Ancient American Governments in the Book of Mormon: Another Testament of Jesus Christ Article Two
In Ancient America, the Nephite society transitioned through several types of governments with only one of them relatable to the republicanism of the United States, it being a political stretch to do so. The freedom and liberty referred to in the record centered around preventing harm to Nephite families and communities and the right to worship God according to the desires of the people discussed in this article. Two government types receive attention in this article: Monarchy and Judge Leadership.
Nephi, the second legitimate leader of the group of ancient Americans who became Nephites, consecrated a king before his death to rule the people. It was the will of the people to have a king though Nephi thought it better that they should have no king, which is why he declined the title. For his service to them, the people titled their Kings Nephi I, Nephi II and so forth, which prevailed for several hundred years before a political reformation occurred under the last king, King Mosiah who gave the people a voice in the direction of their government.
Nephi appears to have had no sons to inherit a leadership role unless he purposely never mentioned any in his record. Subsequently, consecrating a monarch for his people, Nephi separated the function of high priest or prophet from the monarchy and abdicated ecclesiastical responsibility to his brother Jacob creating a separation of religion and state. A monarchy consists of the ruling of a nation by one family usually by hereditary decree. Traditionally, monarchies have great civic authority and provide the identity of the land.
The most revered monarch of the Nephites was King Mosiah, the last king because he granted the Nephites equal status as citizens and a ruling class instead of a single monarch to guide the government. The people elected to continue with the monarchy with the desire to compel one of the sons of Mosiah to be the next king, though all declined, which provided Mosiah the opportunity to change the nature of Nephite government.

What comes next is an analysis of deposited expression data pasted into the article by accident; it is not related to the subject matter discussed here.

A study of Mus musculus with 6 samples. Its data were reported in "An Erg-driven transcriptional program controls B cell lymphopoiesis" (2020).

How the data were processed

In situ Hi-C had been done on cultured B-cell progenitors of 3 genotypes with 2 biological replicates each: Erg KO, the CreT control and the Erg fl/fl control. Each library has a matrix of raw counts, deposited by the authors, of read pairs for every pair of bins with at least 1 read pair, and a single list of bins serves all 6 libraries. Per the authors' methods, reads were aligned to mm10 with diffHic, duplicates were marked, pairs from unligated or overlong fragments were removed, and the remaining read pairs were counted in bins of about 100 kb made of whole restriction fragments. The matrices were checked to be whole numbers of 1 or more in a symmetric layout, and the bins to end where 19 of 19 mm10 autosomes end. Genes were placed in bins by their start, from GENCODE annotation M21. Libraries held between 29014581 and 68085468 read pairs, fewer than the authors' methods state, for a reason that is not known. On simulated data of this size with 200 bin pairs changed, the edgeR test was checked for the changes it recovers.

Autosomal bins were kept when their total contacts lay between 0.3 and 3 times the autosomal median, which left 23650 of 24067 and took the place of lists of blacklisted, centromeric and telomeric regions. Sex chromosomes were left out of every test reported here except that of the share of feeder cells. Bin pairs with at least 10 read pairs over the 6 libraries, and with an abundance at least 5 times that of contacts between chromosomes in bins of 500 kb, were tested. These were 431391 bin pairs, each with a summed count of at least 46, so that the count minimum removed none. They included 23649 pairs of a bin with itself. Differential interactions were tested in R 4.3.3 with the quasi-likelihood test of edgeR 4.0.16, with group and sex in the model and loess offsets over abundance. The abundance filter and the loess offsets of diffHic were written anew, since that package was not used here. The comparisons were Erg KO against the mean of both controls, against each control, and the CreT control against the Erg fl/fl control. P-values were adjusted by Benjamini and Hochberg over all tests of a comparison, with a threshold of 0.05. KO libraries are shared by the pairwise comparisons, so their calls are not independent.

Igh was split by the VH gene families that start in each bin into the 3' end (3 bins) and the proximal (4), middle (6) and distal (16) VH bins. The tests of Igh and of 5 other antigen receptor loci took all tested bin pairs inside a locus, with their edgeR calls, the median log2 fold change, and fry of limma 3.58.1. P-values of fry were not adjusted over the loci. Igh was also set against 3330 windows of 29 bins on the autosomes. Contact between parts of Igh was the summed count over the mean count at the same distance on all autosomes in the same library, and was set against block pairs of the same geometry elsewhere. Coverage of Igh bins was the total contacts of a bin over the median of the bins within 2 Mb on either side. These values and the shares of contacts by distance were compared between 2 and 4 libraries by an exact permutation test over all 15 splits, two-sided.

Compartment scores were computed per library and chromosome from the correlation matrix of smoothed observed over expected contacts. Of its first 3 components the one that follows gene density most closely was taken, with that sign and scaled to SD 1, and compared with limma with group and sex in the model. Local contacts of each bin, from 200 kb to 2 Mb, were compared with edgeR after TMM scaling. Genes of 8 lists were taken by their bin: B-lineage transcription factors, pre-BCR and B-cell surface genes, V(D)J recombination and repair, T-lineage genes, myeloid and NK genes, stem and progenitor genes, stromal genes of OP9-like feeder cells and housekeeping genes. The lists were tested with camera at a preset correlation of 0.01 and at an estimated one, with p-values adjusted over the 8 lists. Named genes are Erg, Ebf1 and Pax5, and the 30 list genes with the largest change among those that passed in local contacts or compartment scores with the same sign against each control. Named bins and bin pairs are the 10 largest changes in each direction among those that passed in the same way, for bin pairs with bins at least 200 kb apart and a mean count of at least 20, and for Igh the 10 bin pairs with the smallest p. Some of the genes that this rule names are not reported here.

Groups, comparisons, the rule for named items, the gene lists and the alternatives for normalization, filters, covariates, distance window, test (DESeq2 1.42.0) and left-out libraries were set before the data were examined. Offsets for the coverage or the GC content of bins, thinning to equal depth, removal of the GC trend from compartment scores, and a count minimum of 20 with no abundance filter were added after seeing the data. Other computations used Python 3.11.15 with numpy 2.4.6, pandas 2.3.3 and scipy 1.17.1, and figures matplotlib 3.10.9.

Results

Hereditary Representative Democracy-ish
King Mosiah introduced an assembly of rulers sustained by the people from a cast of representative judges. The judges formed the authoritative group who vouchsafed, interpreted and enforced the laws of the nation. These judges inherited their offices through what can be called a hereditary democracy because no judge ruled over the people without the consent of the majority and could be replaced depending on the will of the people. The judgeships consisted of lower and higher judges and the chief judge. The hereditary transfer prevailed in this democracy for as long as a civil government functioned among Nephites.
Though in his work, Reynolds suggests that the Nephites lacked the authority to vote the chief judges out of office, the Nephites existed in a true democracy, contrariwise. Citizens of the Nephite nation could vote for a new leader in the form of a king suggesting they could supplant the chief judge if the majority desired to do so. Also, in disagreement with Reynolds, the Nephites entertained a provision to remove a higher judge once in place by a number of lower judges to judge the chief judge of the land. Also, an assembly of lower judges arbitrated higher judges if the need arose.
The duties of the judges were to uphold the laws of the nation as prescribed by the last king and to dispense justice with equity according to sound common law relative to the established canon.
During the one hundred and twenty-first year of the reign of judges over the people of Nephi, Lachoneus II made history as the last person to hold the office and title of Chief Judge. After his inaugural year, Lachoneus, the son of Lachoneus perished at the lecherous and homicidal hands of King-men, a group of people seeking a monarchy vowed to exterminate the chief judge and install a kingdom. This group succeeded in dispatching the rightful leader but destroyed the Nephite government in the process. Tribes formed to replace the shattered institution. Even though the Nephites raged that the secret organization called the Gadianton Robbers destroyed the government, that rage was not sufficient to inspire them to reform the Judgeships.
The tribal confederation occurred when the tribes of Nephites united together against a common enemy or in the name of defense; yet, the Nephites remained separate regarding their laws and customs. It appears that following the apostasy of a group of Lehites subsequent the nearly 200-year reign of peace and ecclesiocracy that tribalism commenced again starting with a group that separated calling themselves Lamanites. These new Lamanites crowned a king and warred with the new Nephites whom the record of Mormon does not indicate had a formal government. Tribalism may have prevailed through a new form of the Tribal Confederation. Regardless, there was a central governing body because Mormon received the authority from that body to lead the armies of the Nephites.